The city's Mayor Joe Anderson said the pilot could save lives, stop hospitals being overwhelmed and "get the city out of tier three restrictions".
Everyone living or working in the city will be offered regular and repeat tests, whether or not they have symptoms.
The pilot will last for approximately two weeks, the government said.
But Liverpool's director of public health Matthew Ashton told BBC Breakfast it could last longer, saying he wants "to make sure [the pilot is] long enough for us to be able to see the impact".
As of Friday a further 23,287 people tested positive for coronavirus across the UK and a further 355 deaths within 28 days of a positive test were reported, according to government figures. It takes the total deaths by that measure to 48,475.
People will be offered a mix of existing swab tests and new lateral flow tests, which could provide a result in 20 minutes without the need to use a lab.
New test sites have been set up across the city, in schools, universities, work places and care homes.
Six new test centres for people who do not have symptoms, at the Exhibition Centre Liverpool and at council-run sports centres, are open between 12:00 GMT and 19:00, with more sites planned.
Anyone who does have symptoms can get a swab test at one of the existing mobile testing centres in the city, which can also be accessed by those without symptoms.
About 2,000 military personnel are helping deliver the tests.
Liverpool City Council has said it is particularly keen to test health and care workers, teachers, school pupils and university staff and students, although everyone is being asked to come forward.
Mr Ashton said there was capacity for up to 85 testing centres to be set up by the end of the pilot, which he said was open for "an initial 10 days" and could be extended.
On the aim of the pilot, he said: "Success is lowering the levels of the virus in the city and exiting out of the national lockdown in a much stronger position."
By Phil McCann, BBC Cheshire political reporter
The queue here at Liverpool Tennis Centre is snaking past the tennis courts.
One woman says she has come along because she understands how important it is.
This is one of the testing centres where people are coming without symptoms, but they still stick swabs up your nose and down your throat.
The big difference is what happens after.
Inside the centre is like a hospital ward - apart from the army is in town because this is too big an operation for the council to carry out on its own.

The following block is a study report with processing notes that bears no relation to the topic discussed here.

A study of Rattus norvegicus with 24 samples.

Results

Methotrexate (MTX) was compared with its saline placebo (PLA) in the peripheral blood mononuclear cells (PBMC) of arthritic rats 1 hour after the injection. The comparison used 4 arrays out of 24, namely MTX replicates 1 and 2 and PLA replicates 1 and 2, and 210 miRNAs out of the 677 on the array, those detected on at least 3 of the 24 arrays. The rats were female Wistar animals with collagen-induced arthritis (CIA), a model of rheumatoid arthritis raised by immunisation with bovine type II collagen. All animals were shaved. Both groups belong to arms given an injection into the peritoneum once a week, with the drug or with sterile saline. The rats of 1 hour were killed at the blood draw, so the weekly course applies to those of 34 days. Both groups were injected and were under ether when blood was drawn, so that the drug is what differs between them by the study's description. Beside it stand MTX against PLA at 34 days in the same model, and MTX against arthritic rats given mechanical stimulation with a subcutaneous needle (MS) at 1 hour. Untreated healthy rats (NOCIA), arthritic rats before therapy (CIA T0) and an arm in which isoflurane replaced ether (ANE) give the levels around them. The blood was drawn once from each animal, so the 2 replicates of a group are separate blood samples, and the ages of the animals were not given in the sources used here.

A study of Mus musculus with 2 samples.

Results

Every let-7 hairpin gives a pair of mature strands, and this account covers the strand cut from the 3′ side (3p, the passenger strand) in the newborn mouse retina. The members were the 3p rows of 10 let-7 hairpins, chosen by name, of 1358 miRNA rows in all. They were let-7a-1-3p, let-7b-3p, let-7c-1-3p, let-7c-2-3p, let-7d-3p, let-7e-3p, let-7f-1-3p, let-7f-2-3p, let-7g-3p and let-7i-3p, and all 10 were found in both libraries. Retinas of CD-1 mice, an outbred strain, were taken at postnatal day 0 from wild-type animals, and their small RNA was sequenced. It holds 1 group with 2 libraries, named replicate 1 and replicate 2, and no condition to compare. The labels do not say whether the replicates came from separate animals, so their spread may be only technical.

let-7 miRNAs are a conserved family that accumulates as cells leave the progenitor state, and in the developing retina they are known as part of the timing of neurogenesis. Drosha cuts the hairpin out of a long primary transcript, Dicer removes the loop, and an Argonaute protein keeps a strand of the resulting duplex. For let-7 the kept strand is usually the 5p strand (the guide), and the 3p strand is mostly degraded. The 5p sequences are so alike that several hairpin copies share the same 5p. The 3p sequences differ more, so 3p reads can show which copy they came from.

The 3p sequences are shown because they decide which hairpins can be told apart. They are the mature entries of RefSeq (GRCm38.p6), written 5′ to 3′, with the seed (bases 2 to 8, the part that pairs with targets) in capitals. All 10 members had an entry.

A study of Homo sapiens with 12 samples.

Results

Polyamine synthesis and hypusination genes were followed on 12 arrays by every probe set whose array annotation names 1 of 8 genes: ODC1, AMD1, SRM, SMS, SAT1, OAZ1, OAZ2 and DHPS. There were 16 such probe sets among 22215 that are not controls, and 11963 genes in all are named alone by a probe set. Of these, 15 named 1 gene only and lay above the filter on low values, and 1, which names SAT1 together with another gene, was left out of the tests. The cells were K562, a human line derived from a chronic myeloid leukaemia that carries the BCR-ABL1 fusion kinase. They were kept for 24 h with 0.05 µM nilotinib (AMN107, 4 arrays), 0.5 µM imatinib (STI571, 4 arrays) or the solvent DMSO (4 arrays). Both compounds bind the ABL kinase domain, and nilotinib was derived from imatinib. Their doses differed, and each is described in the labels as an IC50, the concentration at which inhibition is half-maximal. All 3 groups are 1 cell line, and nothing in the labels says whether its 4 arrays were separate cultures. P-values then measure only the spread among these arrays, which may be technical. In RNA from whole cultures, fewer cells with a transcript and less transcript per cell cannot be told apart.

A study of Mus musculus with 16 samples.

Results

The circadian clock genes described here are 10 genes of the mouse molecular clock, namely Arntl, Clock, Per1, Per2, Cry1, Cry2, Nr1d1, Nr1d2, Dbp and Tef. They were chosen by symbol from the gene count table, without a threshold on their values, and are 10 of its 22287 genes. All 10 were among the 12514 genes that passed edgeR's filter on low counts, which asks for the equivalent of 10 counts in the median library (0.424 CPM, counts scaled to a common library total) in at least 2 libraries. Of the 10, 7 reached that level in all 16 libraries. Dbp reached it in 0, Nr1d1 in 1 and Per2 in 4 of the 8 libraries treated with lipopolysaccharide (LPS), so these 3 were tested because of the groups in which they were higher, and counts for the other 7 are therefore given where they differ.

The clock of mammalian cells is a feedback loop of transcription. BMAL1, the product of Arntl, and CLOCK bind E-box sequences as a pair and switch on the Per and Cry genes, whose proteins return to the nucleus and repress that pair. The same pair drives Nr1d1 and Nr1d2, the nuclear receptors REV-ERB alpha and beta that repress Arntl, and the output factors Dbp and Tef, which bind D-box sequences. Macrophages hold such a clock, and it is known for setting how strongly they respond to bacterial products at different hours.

There are booths so you have a little privacy.
These have a little window, and out the back of the window there are trestle tables - where the army can take the swab and put them through these rapid tests.
It certainly looks like a smooth operation at the moment.
It will have to be as the queue is only getting longer.
The new lateral flow tests will detect people with the "highest viral loads" - assumed to be the most infectious people, according to Dr Emily Adams, a senior lecturer at Liverpool School of Tropical Medicine.
The scientist told BBC News that as this would detect about "three-in-four or four-in-five" cases, it was important people still follow guidelines to self-isolate if they show symptoms - and get a regular swab test.
But she said the lateral flow tests "work very well in an asymptomatic population", and that she was "optimistic" they would have a big impact in Liverpool.
Mass testing is similar to cancer screening - testing healthy people and acting early if there are any problems.
The hope is this can be used to stamp out an outbreak, by getting everyone who tests positive to isolate, without turning to strict restrictions.
China has done this on multiple occasions by mass testing everyone in a city after a cluster of cases was detected.
But a group of health experts has written to Liverpool MPs arguing that testing asymptomatic people in the city was "like searching for needles that appear transiently in haystacks".
Signatories include Allyson Pollock, professor of public health at Newcastle University, and Angela Raffle, a consultant in public health based in Bristol.
Among those getting tested on Friday was former nurse Cathleen Hodson, who said she thought it was imperative she took part in the pilot.
"I'm over 80. I know how important this is. I've got ten grown-up grandchildren and ten great grandchildren. I know how important it is, not just for me but for them," she said.
Liverpool Football Club manager Jurgen Klopp has shared a video message asking people to get tested, saying "do it for Liverpool", and pointing out that regular testing has helped the Premier League to continue amidst the pandemic.
According to the latest data from the Office for National Statistics (ONS), the increase in coronavirus infections appears to be slowing around the UK.
In the week to 30 October, the ONS said new daily infections in England stabilised at around 50,000.
The R number - the rate at which the virus is spreading - has remained between 1.1 and 1.3, the same level as last week, government figures show. Any number above one means the number of infections is growing.
Liverpool City Region was the first area to be put into the very high alert level of England's three-tier system of Covid-19 restrictions, on 14 October. Since then, cases have fallen.
A national lockdown in England began on Thursday.
The latest figures showed Liverpool recorded 318 cases per 100,000 in the week up to 2 November. Across England overall, the rate was 236 per 100,000.
Prime Minister Boris Johnson said he was "hugely grateful" to the people of Liverpool for taking part in the pilot.